A U-turn on abortion


THE U.S. SUPREME Court on Wednesday executed an unconscionable U-turn on abortion, upholding a restrictive federal law that is virtually indistinguishable from a Nebraska statute it struck down only seven years ago.

For all his paeans to precedent during his Senate confirmation hearings, Chief Justice John G. Roberts Jr. joined in the 5-4 decision affirming the tendentiously titled Partial-Birth Abortion Ban Act of 2003. But it was Roberts’ fellow Bush appointee, Justice Samuel A. Alito Jr., who made the difference by voting opposite to the way his predecessor, Sandra Day O’Connor, did in 2000. If there is any silver lining, it’s that only two justices, Clarence Thomas and Antonin Scalia, suggested that Roe vs. Wade should be overturned outright.

Justice Ruth Bader Ginsburg was correct when she said in her dissent that the majority gave short shrift to previous abortion-rights decisions, including the 1992 Planned Parenthood vs. Casey decision in which the court reaffirmed the “essential holding” of Roe: that women have a constitutional right to legal abortions.


Disappointingly, it was one of the authors of the Casey opinion — Justice Anthony M. Kennedy — who wrote Wednesday’s majority opinion. Kennedy argued that the federal law, interpreted properly, was narrower than Nebraska’s.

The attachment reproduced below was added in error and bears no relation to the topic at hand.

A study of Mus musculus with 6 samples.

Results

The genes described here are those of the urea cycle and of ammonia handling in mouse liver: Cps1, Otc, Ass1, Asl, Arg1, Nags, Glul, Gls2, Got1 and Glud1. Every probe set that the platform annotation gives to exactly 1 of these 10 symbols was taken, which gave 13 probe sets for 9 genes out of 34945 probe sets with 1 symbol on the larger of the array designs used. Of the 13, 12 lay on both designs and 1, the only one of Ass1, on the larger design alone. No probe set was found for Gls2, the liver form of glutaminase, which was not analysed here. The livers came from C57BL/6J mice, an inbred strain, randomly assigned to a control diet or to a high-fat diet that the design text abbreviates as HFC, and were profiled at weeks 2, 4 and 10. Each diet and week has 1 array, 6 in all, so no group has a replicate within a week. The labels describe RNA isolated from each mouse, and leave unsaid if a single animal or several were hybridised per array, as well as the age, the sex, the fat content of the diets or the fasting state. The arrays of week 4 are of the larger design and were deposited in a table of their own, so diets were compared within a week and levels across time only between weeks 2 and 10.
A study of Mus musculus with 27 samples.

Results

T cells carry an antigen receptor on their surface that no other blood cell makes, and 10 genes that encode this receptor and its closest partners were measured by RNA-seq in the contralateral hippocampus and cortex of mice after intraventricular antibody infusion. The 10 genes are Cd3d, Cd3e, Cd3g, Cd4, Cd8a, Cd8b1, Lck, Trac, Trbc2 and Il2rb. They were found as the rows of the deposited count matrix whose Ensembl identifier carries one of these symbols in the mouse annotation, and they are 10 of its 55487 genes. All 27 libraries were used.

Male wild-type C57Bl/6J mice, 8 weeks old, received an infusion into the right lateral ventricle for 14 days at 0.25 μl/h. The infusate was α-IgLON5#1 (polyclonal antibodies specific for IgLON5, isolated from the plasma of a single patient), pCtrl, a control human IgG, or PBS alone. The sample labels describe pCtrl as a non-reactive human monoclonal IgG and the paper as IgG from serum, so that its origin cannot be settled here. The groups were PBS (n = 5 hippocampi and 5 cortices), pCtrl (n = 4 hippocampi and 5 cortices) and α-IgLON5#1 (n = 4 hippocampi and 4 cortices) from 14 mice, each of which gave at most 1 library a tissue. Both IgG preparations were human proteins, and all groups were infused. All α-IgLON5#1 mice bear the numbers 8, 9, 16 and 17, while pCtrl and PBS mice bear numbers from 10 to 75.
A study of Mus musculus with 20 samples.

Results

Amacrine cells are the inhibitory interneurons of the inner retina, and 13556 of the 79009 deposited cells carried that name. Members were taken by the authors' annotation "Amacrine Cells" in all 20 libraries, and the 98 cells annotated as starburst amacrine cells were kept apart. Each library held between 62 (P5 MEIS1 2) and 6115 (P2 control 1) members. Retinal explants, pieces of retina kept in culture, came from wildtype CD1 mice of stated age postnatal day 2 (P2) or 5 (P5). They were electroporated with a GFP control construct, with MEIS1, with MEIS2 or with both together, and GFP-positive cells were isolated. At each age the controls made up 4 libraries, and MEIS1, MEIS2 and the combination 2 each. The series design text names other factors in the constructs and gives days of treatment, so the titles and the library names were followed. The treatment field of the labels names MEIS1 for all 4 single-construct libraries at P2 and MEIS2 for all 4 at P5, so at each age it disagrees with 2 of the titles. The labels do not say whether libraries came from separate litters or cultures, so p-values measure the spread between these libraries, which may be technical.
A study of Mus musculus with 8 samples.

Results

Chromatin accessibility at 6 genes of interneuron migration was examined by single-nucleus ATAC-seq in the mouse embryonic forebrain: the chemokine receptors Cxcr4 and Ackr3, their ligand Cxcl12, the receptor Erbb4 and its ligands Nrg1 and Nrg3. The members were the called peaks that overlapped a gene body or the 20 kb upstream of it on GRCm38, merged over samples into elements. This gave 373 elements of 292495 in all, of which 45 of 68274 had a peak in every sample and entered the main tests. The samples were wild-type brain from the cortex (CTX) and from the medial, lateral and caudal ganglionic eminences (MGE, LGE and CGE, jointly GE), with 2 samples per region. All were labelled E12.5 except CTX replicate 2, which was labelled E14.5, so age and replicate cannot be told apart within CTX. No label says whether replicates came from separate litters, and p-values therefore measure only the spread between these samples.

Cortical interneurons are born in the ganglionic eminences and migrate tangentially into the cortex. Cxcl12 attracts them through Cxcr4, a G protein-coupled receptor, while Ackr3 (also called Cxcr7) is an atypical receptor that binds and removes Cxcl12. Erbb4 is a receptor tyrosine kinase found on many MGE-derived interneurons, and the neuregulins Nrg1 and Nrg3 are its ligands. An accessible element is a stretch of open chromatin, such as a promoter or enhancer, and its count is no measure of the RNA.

It’s a distinction without a difference. Both laws banned an exceedingly rare second-trimester abortion technique — properly called dilation and extraction — in which a doctor partially extracts a fetus from the uterus into the birth canal, where he then collapses the skull by suctioning its contents. Neither law provided an exception to preserve the health of the woman.

Kennedy did say that, although the court rejected the law’s unconstitutionality “on its face,” doctors could still argue that there were “well-defined” circumstances in which the procedure would be necessary. But that cumbersome option could have been avoided if the court simply had told Congress, as it told Nebraska, that it must provide a health exception.

This muddled decision doesn’t attack the basic holding of Roe vs. Wade, and it will have no effect on the vast majority of abortions performed in this country. But Ginsburg is right that it is a retreat, and one that can’t be explained by anything other than a change in the court’s membership.